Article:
Q. When is a pub not a pub? A. When it is a micro-brewery.
16 March 2020 by Keeley Miller
FJG have been assisting Three Wise Monkeys, Colchester in connection with the acquisition of a site for a micro-brewery adjacent to their already successful tap house and gin bar at 60 High Street, Colchester. The deal was concluded pursuant to an agreement for lease conditional upon a number of factors including our client obtaining satisfactory planning permission for the site to be used as a micro-brewery.
The use of commercial premises in any location is authorised by the local authority depending upon their local plan and the mix of uses that they deem acceptable within their geographical area whilst also taking into account national level policy framework. Applicants for planning permission must consider the local plan and determine which use class is appropriate for their planned business operations.
There are 15 different use classes designated within the Town and Country Planning (Use Classes) Order 1987 (as amended by The Town and Country Planning (Use Classes) (Amendment) Order 2005) encompassing a range of commercial uses, but not all. For example a taxi office or a nightclub does not fall into any of the use classes and bespoke planning permission (sui generis) must be applied for to permit use of a commercial building for these types of occupiers.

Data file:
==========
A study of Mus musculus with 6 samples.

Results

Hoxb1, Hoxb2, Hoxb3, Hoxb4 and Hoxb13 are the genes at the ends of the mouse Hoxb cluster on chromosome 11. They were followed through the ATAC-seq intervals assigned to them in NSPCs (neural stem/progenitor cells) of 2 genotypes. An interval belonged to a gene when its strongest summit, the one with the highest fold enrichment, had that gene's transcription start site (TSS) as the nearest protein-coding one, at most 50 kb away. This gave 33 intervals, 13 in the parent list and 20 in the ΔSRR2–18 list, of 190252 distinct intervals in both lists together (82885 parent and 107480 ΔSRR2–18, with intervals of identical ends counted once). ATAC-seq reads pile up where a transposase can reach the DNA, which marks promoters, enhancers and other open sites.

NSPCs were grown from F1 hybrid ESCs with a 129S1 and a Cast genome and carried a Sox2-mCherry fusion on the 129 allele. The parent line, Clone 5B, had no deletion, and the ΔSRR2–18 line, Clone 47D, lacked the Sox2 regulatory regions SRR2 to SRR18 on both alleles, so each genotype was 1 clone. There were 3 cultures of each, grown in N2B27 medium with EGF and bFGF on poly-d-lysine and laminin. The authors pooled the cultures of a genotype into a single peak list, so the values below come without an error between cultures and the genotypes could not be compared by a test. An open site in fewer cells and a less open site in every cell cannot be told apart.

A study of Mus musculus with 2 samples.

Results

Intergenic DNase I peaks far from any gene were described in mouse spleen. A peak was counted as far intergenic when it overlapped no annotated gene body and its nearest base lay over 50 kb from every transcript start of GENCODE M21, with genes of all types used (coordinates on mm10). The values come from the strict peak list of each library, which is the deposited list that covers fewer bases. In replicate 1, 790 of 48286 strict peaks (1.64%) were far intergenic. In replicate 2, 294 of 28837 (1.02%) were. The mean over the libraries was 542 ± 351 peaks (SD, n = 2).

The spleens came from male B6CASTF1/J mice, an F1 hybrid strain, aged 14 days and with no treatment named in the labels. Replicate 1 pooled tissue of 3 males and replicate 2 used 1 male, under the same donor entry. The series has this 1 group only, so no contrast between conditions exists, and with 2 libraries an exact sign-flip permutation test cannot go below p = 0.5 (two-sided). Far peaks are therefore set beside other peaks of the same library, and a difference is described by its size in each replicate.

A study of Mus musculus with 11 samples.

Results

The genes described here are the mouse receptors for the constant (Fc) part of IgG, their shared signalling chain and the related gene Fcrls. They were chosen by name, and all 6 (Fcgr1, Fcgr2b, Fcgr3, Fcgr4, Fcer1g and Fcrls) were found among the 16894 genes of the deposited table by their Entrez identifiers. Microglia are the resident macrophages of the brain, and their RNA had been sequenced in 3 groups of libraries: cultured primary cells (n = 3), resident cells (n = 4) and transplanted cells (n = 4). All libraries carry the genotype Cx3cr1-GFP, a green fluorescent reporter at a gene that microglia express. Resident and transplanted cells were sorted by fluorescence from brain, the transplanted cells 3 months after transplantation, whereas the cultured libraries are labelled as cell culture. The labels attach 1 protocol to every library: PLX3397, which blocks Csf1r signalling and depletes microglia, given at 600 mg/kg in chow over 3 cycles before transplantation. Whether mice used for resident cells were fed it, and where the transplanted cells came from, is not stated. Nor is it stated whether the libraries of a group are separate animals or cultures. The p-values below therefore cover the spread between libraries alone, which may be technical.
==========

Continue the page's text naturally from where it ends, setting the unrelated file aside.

Use class A4 permits premises to be used as drinking establishments such as public houses and wine bars. This user class is fairly limited; it does not include nightclubs and nor does it include micro-breweries. Permission to establish a micro-brewery in commercial premises has to be sought under use class B2 which encompasses general industry.
The micro-brewery is deemed by planning authorities to be an industrial process which does not fall within a business class which could be carried out in an industrial area without detriment to the amenity of the area by reason of noise or smell. Conditions may be attached to the grant of B2 planning permission including requirements to introduce control measures to deal with fumes, smells and odours and to require plant, equipment and machinery not to exceed certain rating levels of noise.
In the event that the micro-brewery will be open to the public there are likely to be limitations on the permitted opening hours. These may or may not match the permitted opening hours contained in the premises licence which is also required if you plan to open a tap room for consumption of the product on the premises.
If you are considering starting a micro-brewery business speak to our specialist planning advisor at Fisher Jones Greenwood and our commercial property team for general assistance on securing a suitable lease agreement to run operations. Contact us on 01206 700113 or email [email protected]. Cheers!